VW Golf R, Photo By: Joel Patel

VW Golf R, Photo By: Joel Patel

I’m sure you’ve heard of the whole thing by now, but a quick recap would be that VW put devices on their diesels that would limit the amount of harmful chemicals produced when the EPA were testing the vehicle and then turn off in the hands of actual drivers. So its vehicles produce a lot more chemicals then let on and have been doing so for quite a while. There’s a lot more information on why and what VW did elsewhere, because I want to focus on the future.

I’ve never driven a diesel, heck I’ve never even been in a diesel. But I like them. They’re almost as fuel efficient as a hybrid while being fun to drive, which is something that affordable hybrids don’t do well. So people looking for the newest and latest in technology will bat their eyes at a diesel and make their way into a hybrid. But we enthusiasts know that diesels are better on the highway, have an unmatched range and are some of the well-kept secrets out there.

This has all come to an end with VW’s inexcusable efforts to make more money.

Customers that bought a diesel from VW were looking for a car that could save them money on fuel and help save the environment. What they ended up with is a fuel-efficient vehicle that killed exotic birds in South American faster than your neighbor’s lifted truck. So if you’re looking for a vehicle that can save you money on fuel, but don’t want to downgrade to a tiny Smart Car, then there’s only one option out there: electric vehicles.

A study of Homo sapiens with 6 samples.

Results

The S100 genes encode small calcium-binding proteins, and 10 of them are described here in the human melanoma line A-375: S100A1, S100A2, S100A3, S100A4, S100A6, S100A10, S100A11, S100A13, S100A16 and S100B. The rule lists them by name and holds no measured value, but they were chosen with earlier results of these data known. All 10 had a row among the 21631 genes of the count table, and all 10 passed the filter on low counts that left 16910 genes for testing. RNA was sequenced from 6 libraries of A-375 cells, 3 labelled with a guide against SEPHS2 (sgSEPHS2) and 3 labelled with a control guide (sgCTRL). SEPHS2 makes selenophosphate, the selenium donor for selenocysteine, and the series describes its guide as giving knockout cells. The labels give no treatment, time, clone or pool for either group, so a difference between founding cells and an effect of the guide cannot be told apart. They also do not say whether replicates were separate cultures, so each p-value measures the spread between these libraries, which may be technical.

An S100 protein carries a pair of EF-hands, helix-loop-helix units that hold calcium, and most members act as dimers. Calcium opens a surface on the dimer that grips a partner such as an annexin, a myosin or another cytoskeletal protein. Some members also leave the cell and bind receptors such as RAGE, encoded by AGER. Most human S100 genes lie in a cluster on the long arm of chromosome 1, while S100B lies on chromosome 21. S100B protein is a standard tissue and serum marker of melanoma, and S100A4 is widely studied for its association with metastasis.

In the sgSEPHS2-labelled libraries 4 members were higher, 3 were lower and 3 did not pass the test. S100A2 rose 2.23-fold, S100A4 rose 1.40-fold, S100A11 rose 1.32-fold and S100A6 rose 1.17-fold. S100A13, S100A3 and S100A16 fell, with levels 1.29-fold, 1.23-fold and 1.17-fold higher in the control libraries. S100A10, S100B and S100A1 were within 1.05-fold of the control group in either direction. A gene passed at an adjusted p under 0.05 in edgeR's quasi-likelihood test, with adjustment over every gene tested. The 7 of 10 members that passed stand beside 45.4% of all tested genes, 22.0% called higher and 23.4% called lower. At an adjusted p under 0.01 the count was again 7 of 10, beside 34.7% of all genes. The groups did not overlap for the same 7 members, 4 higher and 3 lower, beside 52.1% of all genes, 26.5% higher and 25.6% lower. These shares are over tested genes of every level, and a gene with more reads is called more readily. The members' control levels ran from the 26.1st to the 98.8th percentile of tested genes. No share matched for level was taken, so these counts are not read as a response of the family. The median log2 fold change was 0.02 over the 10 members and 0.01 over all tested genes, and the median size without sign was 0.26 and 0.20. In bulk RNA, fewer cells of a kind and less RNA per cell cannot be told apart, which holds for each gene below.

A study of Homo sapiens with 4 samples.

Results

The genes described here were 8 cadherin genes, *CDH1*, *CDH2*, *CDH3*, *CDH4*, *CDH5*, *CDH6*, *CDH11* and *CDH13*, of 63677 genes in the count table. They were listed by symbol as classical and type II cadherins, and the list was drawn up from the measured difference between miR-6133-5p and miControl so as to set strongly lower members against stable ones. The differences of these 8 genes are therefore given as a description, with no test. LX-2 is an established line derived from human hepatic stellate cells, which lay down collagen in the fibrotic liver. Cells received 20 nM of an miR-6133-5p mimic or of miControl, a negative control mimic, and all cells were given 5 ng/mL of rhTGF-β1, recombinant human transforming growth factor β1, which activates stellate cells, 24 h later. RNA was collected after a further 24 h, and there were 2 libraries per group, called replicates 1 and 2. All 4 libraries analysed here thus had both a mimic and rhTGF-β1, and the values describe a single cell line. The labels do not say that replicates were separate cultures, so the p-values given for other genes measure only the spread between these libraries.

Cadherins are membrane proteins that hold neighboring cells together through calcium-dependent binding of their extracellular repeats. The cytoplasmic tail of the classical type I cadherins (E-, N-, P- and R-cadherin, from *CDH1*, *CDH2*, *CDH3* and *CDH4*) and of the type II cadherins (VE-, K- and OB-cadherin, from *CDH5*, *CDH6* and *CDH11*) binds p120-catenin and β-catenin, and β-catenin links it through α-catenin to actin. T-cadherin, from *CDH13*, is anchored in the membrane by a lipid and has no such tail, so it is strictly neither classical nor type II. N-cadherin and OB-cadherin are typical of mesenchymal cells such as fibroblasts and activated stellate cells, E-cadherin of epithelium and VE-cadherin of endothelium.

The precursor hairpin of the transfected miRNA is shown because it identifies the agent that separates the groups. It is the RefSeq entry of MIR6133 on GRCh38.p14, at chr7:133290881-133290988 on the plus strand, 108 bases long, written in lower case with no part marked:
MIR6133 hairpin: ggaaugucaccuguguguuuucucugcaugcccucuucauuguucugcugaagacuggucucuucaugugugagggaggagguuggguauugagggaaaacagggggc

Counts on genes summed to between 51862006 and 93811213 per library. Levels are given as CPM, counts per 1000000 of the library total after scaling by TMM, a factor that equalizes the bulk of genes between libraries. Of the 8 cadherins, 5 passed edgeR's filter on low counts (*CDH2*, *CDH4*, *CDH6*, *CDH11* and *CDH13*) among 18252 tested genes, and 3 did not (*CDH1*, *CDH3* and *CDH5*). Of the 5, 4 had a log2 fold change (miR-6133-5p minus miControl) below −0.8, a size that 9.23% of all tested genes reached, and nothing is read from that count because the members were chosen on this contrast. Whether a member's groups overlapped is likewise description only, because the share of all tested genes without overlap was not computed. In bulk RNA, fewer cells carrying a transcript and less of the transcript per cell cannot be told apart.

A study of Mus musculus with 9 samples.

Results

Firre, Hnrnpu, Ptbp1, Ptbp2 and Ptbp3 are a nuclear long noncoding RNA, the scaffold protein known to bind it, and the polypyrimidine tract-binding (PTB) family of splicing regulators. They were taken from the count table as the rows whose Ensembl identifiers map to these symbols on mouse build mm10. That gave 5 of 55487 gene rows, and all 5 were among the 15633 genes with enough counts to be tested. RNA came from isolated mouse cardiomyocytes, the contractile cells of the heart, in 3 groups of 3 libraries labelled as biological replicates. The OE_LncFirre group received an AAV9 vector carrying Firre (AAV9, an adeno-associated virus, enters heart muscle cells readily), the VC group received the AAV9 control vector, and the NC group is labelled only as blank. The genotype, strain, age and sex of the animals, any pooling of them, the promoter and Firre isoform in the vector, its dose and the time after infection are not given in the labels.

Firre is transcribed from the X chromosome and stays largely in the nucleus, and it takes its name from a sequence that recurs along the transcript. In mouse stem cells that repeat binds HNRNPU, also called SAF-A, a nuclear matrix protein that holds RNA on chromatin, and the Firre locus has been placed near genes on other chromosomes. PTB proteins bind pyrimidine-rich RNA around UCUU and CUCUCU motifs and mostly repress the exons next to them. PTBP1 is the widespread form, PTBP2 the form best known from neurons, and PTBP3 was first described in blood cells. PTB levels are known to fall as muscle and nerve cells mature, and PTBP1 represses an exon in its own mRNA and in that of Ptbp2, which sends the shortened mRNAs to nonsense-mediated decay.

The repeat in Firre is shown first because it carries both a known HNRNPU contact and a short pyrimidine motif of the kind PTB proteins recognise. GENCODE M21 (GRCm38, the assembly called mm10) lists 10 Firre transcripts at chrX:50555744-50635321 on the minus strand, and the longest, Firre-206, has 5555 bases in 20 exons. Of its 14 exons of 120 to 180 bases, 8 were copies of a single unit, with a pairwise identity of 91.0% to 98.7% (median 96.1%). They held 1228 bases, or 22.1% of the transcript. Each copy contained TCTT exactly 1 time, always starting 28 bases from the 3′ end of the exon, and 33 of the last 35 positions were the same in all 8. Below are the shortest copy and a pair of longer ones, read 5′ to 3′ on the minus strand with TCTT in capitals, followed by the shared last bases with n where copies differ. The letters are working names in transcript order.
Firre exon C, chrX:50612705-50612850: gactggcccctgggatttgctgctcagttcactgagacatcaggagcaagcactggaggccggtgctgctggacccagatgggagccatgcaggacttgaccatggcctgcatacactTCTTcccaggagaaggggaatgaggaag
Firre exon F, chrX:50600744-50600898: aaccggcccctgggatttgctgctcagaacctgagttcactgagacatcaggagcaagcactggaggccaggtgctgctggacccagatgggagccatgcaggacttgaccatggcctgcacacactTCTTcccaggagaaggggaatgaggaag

Top Gear ran a piece on Elon Musk’s thoughts with the VW scandal and the electric purist stated that the time to ditch diesel’s has come. While I think highly of diesels, I believe that Musk is right. VW knew that there were cheat devices in its vehicles and knew exactly what the devices were doing. Which makes me, and everyone else, think that VW knew a long time ago that its cars can’t keep up with hybrids—the latest technology.

VW Golf R

VW Golf R

VW will readjust its entire lineup of highly-paid employees, call for a major recall and, if customers are lucky, get a free tank of diesel out of this scandal. But when the polluted cloud has settled, I doubt a lot of people are going to be happy when their VW is less fuel-efficient then what they’re used to. There’s a lot that can be said about loyalty when realizing that you’ve been lied to for a number of years. But it’s up to VW customers to decide whether to stay or leave.

As far as recalls go, VW’s isn’t the worst or the largest. But it is the sleaziest and it will change the industry forever. Other automakers will either get caught under VW’s tires and be called out for its to-good-to-be true efficiency or realize that better options are out there. Who knows what’s going to happen to the leftover VWs on the road or the brand itself. If you recently bought one, you’re going to lose a lot of money, but you probably knew that. In fact, if you’re looking for something that’s fuel-efficient, good for the environment and modern, then check out Tesla’s lineup. I heard there’s a new addition that’s going to be pretty good.